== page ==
Late last year, the always-insightful Mark Mayerson posted a really interesting article on his blog about why audiences prefer films that present themselves in a way that closely resembles their world as they perceive it everyday. Using the Oscar winning silent film The Artist as a starting point, Mark makes the case that “throwback” films that use older production techniques exist more out of nostalgia than necessity:
Silent black and white films existed due to technological obstacles. Early sound and colour systems were unreliable, producing results that clearly failed to meet the audience’s standard. Without sound and colour, films compensated with the use of orchestral scores in the larger cities, increasingly sophisticated photography and a style of directing, acting and editing that communicated characters’ thoughts clearly to international audiences…
…Audiences embraced sound and colour because it brought film closer to their own perception of the world. Sound became omnipresent in film by 1930. Colour, due to cost, took considerably longer…what I think sounded the death knell for black and white film was color TV. So long as people were watching black and white at home, they would accept it in films. Once color TV was widespread, a black and white film somehow seemed cheap. And truthfully, the majority of black and white films in the 1960s lacked color due to budget restrictions.
Much to the horror of traditional animation purists I’m sure, Mark goes on to make the case for why audiences may actually prefer 3D animation over 2D and lately I’ve been thinking about how this idea might apply to puppetry. While there’s no question that puppetry’s overall popularity has surged in the past decade or two, it’s worth noting that many of the most popular examples of “mainstream” puppetry – at least in film and television – have involved puppets deliberately subverting the art form, its limitations and conventions (think Avenue Q, Team America and special “puppetized” episodes of popular TV shows like 30 Rock and Angel).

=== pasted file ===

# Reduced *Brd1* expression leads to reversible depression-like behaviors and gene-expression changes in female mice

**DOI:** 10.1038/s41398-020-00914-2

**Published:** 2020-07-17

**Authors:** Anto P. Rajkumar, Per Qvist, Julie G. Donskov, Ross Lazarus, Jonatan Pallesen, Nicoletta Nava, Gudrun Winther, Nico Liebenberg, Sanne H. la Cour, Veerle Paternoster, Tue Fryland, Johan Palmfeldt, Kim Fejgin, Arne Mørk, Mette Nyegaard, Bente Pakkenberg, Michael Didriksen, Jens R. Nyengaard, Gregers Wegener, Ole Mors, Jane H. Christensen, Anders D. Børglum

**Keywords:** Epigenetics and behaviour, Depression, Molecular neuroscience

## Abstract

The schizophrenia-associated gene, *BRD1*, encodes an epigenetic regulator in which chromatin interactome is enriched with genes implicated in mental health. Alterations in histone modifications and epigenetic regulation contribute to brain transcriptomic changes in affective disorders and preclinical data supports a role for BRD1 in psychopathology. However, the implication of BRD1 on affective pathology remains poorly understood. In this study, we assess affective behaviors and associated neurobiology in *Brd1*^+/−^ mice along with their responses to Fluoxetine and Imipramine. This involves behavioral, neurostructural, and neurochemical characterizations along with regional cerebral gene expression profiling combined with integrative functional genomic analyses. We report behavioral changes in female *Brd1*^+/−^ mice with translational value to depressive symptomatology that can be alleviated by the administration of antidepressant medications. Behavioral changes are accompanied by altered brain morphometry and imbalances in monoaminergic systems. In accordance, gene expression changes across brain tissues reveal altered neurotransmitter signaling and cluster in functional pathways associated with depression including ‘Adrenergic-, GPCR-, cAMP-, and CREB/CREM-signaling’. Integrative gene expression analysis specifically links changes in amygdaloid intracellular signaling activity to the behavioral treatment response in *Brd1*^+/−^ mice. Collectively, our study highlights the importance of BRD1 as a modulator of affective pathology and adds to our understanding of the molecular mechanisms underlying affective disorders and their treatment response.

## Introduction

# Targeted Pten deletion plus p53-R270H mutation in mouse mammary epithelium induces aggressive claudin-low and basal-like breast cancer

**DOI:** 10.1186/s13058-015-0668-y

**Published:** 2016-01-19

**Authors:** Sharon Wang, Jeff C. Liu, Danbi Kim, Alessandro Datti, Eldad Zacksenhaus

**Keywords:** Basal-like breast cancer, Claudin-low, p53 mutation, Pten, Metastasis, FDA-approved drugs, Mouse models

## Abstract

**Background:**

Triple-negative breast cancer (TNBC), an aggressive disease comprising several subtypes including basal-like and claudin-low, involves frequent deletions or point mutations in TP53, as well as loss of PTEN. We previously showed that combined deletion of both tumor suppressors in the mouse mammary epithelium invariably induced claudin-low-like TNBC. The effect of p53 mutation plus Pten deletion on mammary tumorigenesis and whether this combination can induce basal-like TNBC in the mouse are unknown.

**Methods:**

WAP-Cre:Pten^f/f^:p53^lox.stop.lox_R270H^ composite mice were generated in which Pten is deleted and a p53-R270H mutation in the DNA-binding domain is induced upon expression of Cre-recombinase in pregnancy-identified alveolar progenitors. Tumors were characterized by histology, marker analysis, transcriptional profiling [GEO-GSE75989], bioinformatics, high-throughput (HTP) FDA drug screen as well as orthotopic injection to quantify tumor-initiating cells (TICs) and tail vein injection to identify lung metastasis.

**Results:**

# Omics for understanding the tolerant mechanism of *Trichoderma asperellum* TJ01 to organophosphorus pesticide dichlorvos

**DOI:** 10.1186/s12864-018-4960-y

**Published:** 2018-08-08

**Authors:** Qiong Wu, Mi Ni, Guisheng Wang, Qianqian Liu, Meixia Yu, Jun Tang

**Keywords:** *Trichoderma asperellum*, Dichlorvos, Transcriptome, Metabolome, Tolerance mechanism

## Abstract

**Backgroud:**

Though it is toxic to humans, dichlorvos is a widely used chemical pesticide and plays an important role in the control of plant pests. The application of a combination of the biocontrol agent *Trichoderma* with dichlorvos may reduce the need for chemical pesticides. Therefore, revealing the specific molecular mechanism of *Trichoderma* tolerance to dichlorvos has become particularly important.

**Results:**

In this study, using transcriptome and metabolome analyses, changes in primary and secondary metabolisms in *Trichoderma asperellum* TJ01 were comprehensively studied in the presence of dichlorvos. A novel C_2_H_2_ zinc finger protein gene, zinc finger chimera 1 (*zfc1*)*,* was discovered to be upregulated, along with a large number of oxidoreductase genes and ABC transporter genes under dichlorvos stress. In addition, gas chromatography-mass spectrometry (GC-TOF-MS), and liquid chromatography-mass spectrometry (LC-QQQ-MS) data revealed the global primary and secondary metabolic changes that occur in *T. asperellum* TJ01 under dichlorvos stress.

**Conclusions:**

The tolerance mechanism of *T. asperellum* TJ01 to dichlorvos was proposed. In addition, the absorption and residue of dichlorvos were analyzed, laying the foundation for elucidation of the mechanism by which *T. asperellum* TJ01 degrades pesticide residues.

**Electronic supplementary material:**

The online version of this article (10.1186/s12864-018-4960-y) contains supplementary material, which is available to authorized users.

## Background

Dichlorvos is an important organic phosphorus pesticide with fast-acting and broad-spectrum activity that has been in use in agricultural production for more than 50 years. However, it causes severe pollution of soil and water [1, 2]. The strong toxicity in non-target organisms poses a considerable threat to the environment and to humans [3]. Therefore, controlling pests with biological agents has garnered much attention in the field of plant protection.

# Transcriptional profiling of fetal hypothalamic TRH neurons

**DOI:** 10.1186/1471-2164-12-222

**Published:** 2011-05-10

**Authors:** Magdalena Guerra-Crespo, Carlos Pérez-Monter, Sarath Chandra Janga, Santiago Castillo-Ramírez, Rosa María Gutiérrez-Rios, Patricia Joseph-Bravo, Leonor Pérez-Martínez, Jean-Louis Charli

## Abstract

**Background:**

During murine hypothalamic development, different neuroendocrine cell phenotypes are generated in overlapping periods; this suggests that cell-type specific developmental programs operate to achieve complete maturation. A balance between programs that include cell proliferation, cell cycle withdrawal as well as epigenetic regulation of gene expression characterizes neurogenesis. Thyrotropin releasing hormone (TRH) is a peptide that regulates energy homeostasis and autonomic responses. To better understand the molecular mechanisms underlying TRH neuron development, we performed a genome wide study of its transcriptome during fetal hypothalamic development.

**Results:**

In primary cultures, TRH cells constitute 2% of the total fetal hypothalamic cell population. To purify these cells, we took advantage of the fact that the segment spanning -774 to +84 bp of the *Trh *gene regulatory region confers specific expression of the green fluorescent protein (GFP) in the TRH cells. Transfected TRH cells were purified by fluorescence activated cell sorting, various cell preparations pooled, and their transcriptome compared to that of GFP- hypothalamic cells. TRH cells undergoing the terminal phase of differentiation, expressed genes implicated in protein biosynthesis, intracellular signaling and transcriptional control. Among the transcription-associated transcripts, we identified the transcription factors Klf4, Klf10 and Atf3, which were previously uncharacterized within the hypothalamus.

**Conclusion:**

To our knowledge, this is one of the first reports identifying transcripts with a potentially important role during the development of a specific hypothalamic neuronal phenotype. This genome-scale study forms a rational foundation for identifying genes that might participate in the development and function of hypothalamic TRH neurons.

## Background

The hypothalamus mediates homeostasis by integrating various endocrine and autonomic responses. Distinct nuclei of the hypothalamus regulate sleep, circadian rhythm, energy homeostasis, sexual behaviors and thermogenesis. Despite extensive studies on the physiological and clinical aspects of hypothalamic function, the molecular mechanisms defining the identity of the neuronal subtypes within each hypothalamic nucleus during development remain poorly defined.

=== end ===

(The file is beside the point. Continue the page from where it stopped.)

Should puppeteers focus on creating puppetry that better represents how audiences perceive their everyday world? After all, isn’t the success of Warhorse largely due to the fact that while its horses are quite obviously puppets, they are performed in a hyper-realistic, extremely natural manner that makes the audience forget that they are watching puppetry?
I’ve long thought that more “realistic” (for lack of a better term) puppet manipulation and more expressive puppets are probably the way forward for puppetry as an art form. The more grounded a puppet is in an emotional or physical reality, the more I believe that an audience will identify and invest with it emotionally. When an audience invests in a character they’re all also invested in its story, and that usually translates in to more successful projects.
So how, exactly, do we achieve this? Well, as it just so happens, I’m making a movie about that.